The Real Costs to Employee Retention

Hiring a new employee is far more expensive than keeping a current employee.  Seems obvious, but employee replacement has many hidden costs.  Some studies (such as Society for Human Resource Management) suggests it costs 6 to 9 months’ salary on average to replace an employee.  For the average employee that could be $20,000 to $30,000.

Here are just costs to consider:

  • The cost of hiring a new employee including the advertising, interviewing, screening, and hiring.
  • Cost of onboarding a new person, including training and management time.
  • Lost productivity—it may take a new employee one to two years to reach the productivity of an existing person.
  • Lost engagement—other employees who see high turnover tend to disengage and lose productivity.
  • Customer service and errors—for example new employees take longer and are often less adept at solving problems.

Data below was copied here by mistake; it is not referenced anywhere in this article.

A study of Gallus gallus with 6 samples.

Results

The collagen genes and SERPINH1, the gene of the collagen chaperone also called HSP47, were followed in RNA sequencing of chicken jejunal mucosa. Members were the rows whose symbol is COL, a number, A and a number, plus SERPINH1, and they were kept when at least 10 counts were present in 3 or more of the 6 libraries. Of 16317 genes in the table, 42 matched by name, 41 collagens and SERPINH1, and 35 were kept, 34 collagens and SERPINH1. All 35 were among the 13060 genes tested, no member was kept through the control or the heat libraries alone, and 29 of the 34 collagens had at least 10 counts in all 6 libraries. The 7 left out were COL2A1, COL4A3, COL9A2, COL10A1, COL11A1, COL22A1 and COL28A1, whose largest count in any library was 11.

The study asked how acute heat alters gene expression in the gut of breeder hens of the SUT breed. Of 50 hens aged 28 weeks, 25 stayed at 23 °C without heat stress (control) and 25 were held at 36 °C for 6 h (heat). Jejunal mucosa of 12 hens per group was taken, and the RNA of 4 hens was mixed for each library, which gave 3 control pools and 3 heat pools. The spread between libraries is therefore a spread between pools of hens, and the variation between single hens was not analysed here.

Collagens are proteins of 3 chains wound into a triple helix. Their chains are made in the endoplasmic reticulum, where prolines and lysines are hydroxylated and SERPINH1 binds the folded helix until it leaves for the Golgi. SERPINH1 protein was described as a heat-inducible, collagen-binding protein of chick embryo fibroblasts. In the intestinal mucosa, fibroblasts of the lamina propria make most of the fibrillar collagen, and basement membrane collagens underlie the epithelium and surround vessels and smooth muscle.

• Training cost—for example, over two to three years, a business likely invests 10 to 20 percent of an employee’s salary or more in training 
  • Cultural impact—whenever someone leaves, others take time to ask why

What does it cost to keep existing employees?  

When surveyed during exist interviews, the number one reason employees give for leaving is they feel under appreciated. 

Implementing a simple (and even inexpensive) employee recognition program can go a long way to satisfying the employee’s need for acknowledgement of their contribution to the company’s success.

Are you properly thanking your employees?  Do you have a way of acknowledging the hard work and contributions of those going above and beyond?

Some companies reserve up front parking spaces for exceptional employees. 

Some companies have an Employee Wall of Fame.

My personal favorite is employee thank you lunches!  But usually the wellness coordinator balks.  No matter what you do, helping your employees feel appreciated can save you thousands of dollars.